Custom Disk Partitions

KIWI NG has its own partitioning schema which is defined according to several different user configurations: boot firmware, boot partition, expandable layouts, etc. Those supported features have an impact on the partitioning schema.

MBR or GUID partition tables are not flexible, carry limitations and are tied to some specific disk geometry. Because of that the preferred alternative to disk layouts based on traditional partition tables is using flexible approaches like logic volumes.

However, on certain conditions additional entries to the low level partition table are needed. For this purpose the <partitions> section exists and allows to add custom entries like shown in the following example:

<partitions>
    <partition name="var" size="100" mountpoint="/var" filesystem="ext3"/>
</partitions>

Each <partition> entry puts a partition of the configured size in the low level partition table, creates a filesystem on it and includes it to the system’s fstab file. If parts of the root filesystem are moved into its own partition like it’s the case in the above example, this partition will also contain the data that gets installed during the image creation process to that area.

The following attributes must/can be set to configured a partition entry:

name=”identifier”

Mandatory name of the partition as handled by KIWI NG.

Note

There are the following reserved names which cannot be used because they are already represented by existing attributes: root, readonly, boot, prep, spare, swap, efi_csm and efi.

partition_name=”name”

Optional name of the partition as it appears when listing the table contents with tools like gdisk. If no name is set KIWI NG constructs a name of the form p.lx(identifier_from_name_attr)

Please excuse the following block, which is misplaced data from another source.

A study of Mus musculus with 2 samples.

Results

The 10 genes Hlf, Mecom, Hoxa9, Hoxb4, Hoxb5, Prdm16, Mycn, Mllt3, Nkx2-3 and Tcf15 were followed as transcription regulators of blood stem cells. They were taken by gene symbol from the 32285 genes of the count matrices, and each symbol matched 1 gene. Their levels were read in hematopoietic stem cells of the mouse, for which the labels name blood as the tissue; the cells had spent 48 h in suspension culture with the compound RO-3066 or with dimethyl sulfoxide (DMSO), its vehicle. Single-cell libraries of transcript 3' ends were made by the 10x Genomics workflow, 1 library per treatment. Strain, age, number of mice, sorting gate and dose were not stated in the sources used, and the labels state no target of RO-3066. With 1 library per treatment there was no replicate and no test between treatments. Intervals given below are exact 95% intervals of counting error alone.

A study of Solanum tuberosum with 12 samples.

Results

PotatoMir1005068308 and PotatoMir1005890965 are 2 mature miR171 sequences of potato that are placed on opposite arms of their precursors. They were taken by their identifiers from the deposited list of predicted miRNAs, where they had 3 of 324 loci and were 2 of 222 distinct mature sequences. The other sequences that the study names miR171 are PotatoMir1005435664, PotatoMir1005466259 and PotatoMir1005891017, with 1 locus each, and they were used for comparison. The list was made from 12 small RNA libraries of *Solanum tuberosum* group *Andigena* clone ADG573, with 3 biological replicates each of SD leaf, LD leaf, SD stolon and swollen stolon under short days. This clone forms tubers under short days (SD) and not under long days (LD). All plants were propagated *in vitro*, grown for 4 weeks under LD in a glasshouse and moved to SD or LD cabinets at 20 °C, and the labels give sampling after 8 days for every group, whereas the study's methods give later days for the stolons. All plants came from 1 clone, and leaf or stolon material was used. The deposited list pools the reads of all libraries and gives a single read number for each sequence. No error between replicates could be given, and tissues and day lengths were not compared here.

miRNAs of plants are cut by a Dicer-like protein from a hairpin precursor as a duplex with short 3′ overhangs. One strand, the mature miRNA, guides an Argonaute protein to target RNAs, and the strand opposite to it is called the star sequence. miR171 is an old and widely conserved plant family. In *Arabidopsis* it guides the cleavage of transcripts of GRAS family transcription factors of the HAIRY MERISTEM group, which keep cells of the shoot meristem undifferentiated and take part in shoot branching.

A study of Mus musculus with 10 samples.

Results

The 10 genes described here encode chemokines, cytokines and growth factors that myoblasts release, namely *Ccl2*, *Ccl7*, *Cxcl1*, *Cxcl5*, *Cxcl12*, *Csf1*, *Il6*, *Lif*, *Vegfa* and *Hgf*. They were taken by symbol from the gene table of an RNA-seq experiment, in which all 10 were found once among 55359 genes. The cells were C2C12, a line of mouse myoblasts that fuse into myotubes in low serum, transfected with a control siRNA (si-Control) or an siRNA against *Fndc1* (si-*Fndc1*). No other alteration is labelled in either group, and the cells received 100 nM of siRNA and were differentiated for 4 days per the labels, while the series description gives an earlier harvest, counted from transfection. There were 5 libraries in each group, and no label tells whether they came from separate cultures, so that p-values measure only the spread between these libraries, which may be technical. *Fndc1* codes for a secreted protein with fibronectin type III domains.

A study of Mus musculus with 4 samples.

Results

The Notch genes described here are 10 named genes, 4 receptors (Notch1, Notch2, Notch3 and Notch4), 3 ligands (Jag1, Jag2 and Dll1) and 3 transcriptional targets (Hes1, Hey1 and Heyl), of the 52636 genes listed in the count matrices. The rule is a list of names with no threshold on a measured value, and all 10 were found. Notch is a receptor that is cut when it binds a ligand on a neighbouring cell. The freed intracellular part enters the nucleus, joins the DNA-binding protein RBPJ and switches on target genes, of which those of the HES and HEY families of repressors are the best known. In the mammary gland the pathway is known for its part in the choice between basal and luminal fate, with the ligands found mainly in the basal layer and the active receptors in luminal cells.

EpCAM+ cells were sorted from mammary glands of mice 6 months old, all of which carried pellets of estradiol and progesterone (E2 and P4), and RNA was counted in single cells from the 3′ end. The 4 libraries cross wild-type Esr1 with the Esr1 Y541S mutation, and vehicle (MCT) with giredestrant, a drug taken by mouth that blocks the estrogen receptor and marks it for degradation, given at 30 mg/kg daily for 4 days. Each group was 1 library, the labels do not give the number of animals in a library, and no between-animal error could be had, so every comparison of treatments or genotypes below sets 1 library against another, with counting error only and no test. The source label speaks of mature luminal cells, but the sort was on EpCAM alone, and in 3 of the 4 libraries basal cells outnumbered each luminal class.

partition_type=”type_identifier”

Optional partition type identifier as handled by KIWI NG. Allowed values are t.linux and t.raid. If not specified t.linux is the default.

size=”size_string”

Mandatory size of the partition. A size string can end with M or G to indicate a mega-Byte or giga-Byte value. Without a unit specification mega-Byte is used.

mountpoint=”path”

Mandatory mountpoint to mount the partition in the system.

filesystem=”btrfs|ext2|ext3|ext4|squashfs|xfs

Mandatory filesystem configuration to create one of the supported filesystems on the partition.

clone=”number”

Optional setting to indicate that this partition should be cloned number of times. A clone partition is content wise an exact byte for byte copy of the origin. However, to avoid conflicts at boot time the UUID of any cloned partition will be made unique. In the sequence of partitions, the clone(s) will always be created first followed by the partition considered the origin. The origin partition is the one that will be referenced and used by the system

Despite the customization options of the partition table shown above there are the following limitations:

  1. The root partition is always the last one

    Disk imags build with KIWI NG are designed to be expandable. For this feature to work the partition containing the system rootfs must always be the last one. If this is unwanted for some reason KIWI NG offers an opportunity for one extra/spare partition with the option to be also placed at the end of the table. For details lookup spare_part in Image Description Elements

  2. There can be no gaps in the partition table

    The way partitions are configured does not allow for gaps in the table. As of today there was no use case were it made sense to leave a gap between table entries. However, leaving some space free at the end of the partition geometry is possible in the following ways:

    • Deploy with unpartitioned free space.

      To leave space unpartitioned on first boot of a disk image it is possible to configured an <oem-systemsize> which is smaller than the disk the image gets deployed to. Details about this setting can be found in Image Description Elements

    • Build with unpartitioned free space.

      Setting some unpartitioned free space on the disk can be done using the unpartitioned attribute of size element in type’s section. For details see Modifying the Size of the Image

    • Resize built image adding unpartitioned free space.

      A built image can be resized by using the kiwi-ng image resize command and set a new extended size for the disk. See KIWI NG commands docs here.